This last fall, my PhD advisor’s PhD advisor paid a visit to the IU campus and met with some of us. After chatting with me a bit, he said, “You should think about going to the Oxford Patristics Conference next summer.” Oh, I said, I don’t know that I would have anything worth presenting. “Go just to go,” he said. “It’s a great opportunity to meet people and hear what other people are doing.”
When I next met with my advisor, I told him the suggestion I had been given. “Yeah, that’s a good idea,” he said. “Let’s plan on you doing that.” So, I sort of tentatively planned to go, along with a list of other things that would be really cool to do over the summer.
In January, I met a Fordham doctoral student in theology at St. Nicholas Orthodox Church in Champaign, Illinois. (Long story.) We chatted a bit, and the Oxford Patristics Conference came up. “Yeah,” she said, “I’ll probably go, but there’s no way I’ll make the first deadline, and if you don’t make that batch, there’s almost no point in submitting anything.” I nodded in agreement, saying that I was being encouraged to go, but that I certainly didn’t have anything that was going to be ready by 31 January, and really, I probably wasn’t going to have anything appropriate this year anyway.
This semester, I took a Religious Studies seminar on early Christian mysticism — a lot of pagan neo-Platonic stuff, ironically, enough, but also Origen, Evagrius Pontus, Augustine, and (Ps.-)Dionysius. Plus, I was going to have to write a review of von Balthasar’s book on Maximus the Confessor. I realized that it was about as close to a course on patristics as I was going to get to take during my time here, and so I asked the professor, “Hey, do you think it would be worth my time to submit an abstract for the paper I’m writing for your class to Oxford?” “Oh, yes, definitely,” he said.
Well, okay, then. I thought of a topic, and I started researching it. In the meantime, I found out that some of the other cool things I thought I might do over the summer weren’t going to work out. On 25 March, I submitted an abstract for a “short communication” titled “Let us put away all earthly care: Mysticism and the Cherubikon of the Byzantine Rite in Late Antiquity”. I Tweeted, “RichardRBarrett just submitted an abstract. Yay.” This prompted Fr. Andrew Stephen Damick to ask me on Facebook, “Could you get any more vague?” Not willing to be outdone on the snark, I then Tweeted, “RichardRBarrett just did something that involved doing some things with other things. (Let me know if that’s sufficient, Fr. Andrew.)”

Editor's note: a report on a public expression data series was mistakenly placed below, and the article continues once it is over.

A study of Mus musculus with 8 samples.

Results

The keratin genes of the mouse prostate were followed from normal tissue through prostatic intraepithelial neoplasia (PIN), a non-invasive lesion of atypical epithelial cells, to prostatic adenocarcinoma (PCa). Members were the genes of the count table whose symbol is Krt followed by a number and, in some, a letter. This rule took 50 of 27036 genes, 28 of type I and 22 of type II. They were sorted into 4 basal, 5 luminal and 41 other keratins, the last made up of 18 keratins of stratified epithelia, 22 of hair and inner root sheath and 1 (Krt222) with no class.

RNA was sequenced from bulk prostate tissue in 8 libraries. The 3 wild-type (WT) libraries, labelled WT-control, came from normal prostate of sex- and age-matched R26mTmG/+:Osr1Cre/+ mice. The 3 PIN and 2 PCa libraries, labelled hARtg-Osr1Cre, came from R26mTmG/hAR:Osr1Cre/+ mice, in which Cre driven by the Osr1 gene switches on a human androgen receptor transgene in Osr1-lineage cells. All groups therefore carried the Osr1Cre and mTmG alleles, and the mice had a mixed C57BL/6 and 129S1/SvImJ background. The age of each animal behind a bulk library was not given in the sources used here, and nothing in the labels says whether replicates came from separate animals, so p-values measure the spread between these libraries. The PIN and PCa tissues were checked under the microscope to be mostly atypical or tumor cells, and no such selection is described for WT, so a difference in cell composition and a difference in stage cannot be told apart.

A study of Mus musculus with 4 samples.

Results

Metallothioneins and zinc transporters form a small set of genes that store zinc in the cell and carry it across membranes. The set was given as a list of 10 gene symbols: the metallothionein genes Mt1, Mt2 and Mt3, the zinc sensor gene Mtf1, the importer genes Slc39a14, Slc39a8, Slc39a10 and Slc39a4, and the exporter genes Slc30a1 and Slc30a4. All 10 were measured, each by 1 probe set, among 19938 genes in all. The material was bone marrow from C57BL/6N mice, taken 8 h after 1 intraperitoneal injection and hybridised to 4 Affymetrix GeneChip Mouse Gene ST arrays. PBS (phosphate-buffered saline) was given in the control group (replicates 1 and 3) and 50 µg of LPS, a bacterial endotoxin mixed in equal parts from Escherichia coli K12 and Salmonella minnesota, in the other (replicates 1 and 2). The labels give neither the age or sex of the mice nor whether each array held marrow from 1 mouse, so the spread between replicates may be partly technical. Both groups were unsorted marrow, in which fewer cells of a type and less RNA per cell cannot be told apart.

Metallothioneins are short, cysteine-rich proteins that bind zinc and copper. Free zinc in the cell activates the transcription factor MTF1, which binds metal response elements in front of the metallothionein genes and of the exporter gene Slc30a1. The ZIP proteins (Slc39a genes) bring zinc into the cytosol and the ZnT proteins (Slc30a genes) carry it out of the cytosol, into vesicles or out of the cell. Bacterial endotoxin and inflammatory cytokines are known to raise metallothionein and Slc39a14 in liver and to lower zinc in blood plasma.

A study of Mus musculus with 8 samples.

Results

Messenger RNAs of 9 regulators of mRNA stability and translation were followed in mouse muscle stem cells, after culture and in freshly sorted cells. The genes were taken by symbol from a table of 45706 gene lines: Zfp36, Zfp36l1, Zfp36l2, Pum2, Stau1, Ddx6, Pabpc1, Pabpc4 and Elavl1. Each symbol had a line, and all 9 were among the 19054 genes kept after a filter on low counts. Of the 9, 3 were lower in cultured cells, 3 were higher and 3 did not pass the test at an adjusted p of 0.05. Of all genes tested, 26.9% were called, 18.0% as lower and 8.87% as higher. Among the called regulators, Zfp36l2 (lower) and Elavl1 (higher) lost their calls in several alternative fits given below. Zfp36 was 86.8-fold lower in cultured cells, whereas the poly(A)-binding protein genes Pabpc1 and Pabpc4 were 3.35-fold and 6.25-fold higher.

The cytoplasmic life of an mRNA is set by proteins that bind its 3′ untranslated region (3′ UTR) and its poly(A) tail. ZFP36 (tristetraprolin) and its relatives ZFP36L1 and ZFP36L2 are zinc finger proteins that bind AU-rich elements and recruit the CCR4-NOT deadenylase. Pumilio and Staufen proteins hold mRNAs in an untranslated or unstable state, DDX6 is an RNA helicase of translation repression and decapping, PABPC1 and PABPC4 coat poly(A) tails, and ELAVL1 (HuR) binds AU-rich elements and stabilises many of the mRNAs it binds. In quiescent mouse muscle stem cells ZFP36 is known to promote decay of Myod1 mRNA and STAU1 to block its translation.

I turned the final paper in for the class this last Tuesday, got a very positive assessment of it back this morning, and I was inspired to drop the conference folks a line to see just what form our notification would take — we were supposed to hear by 15 May, but did we need to be checking the website, would we get an e-mail, or…?
We received over 675 abstracts, the organizer said, so what’s your reference number?
I told her. Five minutes later, I got an answer back: Yes, you were accepted.
So, there it is. I’ve presented at six graduate student conferences over the last five years, but this is my first big-boy pants conference, and it’s in my favorite place in the universe.
If I may — I’m getting a good chunk of support for this trip from a couple of sources, but it’s not quite the same thing as being a professor with a research account. If either of my regular readers have ever thought about clicking on that link up there that says “Tip Jar” and then thought, oh, well, he probably doesn’t need it, please let me assure you that this is an occasion where it would be most appreciated.
All this, and Thor rocked. It was a good day. Now I’ve got about 65 final exams on ancient Greek history to grade.